Why your Facebook feed could look more like Snapchat

Facebook is testing new photo editing features in its latest bid to compete with newer, trendier social media networks.

Dado Ruvic/Reuters/Files
A 3D plastic representation of the Facebook logo is seen in front of displayed logos of social networks in this illustration in Zenica, Bosnia and Herzegovina, May 13.

Facebook has just released a new photo uploader that helps users supercharge their images.

The new tool, which just started rolling out on iOS, lets users preview filters by swiping across photos, add overlaid text in various colors, and paste Facebook stickers anywhere on an image – the resemblance to features offered on popular mobile messaging service Snapchat has not been lost on pundits.

“If putting text, swipeable filters, and re-sizable emoji on photos sounds familiar, it might be because that’s exactly what Snapchat does,” technology journalist Josh Constine wrote for TechCrunch.

These latest updates are not Facebook’s first attempt at making the expiring-message trend their own. In 2013, shortly after it bought Instagram for $1 billion, the social network giant offered “close to $3 billion” for Snapchat – an offer that the messaging service turned down, the Wall Street Journal reported.

Since then, Facebook has launched a series of applications designed to outdo Snapchat, but with little success: last year, the social network pulled Poke, an app that let users send quick-to-expire photos, videos, messages, or pokes, from the Apple App Store with little fanfare.

Slingshot, which sends editable, ephemeral messages that users have to “unlock” to send, is still available, but the app’s “pay-to-play” mechanics not only makes it less exciting – it also “raises barriers instead of tearing them down,” The Verge noted.

The new updates may be Facebook’s way of “trying to bake the best of everything else into its own,” Mr. Constine wrote.

iOS users who receive the update on their mobile apps will be able to easily swipe to choose filters for uploaded images, with the left half showing the unedited photo and the right half the photo with the filter applied. A wand icon on the bottom left of the uploaded image leads the user to an enhancement tray that includes options for cropping, tagging, text, and stickers.

“You can type in text, pinch and drag to re-size and move it, and use a color slider to choose a hue,” Constine noted. “Annoyingly, though, you have to write the text and choose the color with your photo blurred in the background, rather than live on the photo itself like with Snapchat.”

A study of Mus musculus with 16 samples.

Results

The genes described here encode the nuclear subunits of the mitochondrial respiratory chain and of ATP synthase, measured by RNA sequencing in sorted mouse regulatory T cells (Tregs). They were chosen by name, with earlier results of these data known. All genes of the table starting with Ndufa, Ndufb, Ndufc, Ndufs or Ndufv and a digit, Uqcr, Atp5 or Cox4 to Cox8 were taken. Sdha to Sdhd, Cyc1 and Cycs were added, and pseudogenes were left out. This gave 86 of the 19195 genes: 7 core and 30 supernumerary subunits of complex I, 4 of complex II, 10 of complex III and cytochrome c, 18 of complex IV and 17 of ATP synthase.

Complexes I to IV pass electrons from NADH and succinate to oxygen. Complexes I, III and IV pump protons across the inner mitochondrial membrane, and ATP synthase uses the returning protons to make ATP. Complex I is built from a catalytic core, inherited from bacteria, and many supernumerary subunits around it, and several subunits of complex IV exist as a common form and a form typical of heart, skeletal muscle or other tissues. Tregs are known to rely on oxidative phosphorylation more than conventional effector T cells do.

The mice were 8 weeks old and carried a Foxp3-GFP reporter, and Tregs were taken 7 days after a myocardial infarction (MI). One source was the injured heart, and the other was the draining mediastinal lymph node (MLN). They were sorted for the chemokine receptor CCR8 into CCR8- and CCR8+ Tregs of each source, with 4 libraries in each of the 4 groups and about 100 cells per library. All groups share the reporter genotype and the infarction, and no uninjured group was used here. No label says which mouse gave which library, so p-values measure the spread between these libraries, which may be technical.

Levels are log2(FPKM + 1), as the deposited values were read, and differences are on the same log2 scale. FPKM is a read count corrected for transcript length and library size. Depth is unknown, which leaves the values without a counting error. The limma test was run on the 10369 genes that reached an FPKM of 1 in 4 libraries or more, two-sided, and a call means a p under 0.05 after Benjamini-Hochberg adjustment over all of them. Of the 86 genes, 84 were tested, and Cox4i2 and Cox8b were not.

Facebook has, of course, said that the new features are simply part of the company’s effort to foster creativity and imagination among its 1.4 billion users.

“People want to be creative when they share experiences with their friends and family on Facebook,” the company said in a statement. “We are rolling out a new place to house all of Facebook’s photo-editing tools, making it even easier to add filters, stickers, or text to your photos.”

You've read  of  free articles. Subscribe to continue.

Dear Reader,

About a year ago, I happened upon this statement about the Monitor in the Harvard Business Review – under the charming heading of “do things that don’t interest you”:

“Many things that end up” being meaningful, writes social scientist Joseph Grenny, “have come from conference workshops, articles, or online videos that began as a chore and ended with an insight. My work in Kenya, for example, was heavily influenced by a Christian Science Monitor article I had forced myself to read 10 years earlier. Sometimes, we call things ‘boring’ simply because they lie outside the box we are currently in.”

If you were to come up with a punchline to a joke about the Monitor, that would probably be it. We’re seen as being global, fair, insightful, and perhaps a bit too earnest. We’re the bran muffin of journalism.

But you know what? We change lives. And I’m going to argue that we change lives precisely because we force open that too-small box that most human beings think they live in.

The Monitor is a peculiar little publication that’s hard for the world to figure out. We’re run by a church, but we’re not only for church members and we’re not about converting people. We’re known as being fair even as the world becomes as polarized as at any time since the newspaper’s founding in 1908.

We have a mission beyond circulation, we want to bridge divides. We’re about kicking down the door of thought everywhere and saying, “You are bigger and more capable than you realize. And we can prove it.”

If you’re looking for bran muffin journalism, you can subscribe to the Monitor for $15. You’ll get the Monitor Weekly magazine, the Monitor Daily email, and unlimited access to CSMonitor.com.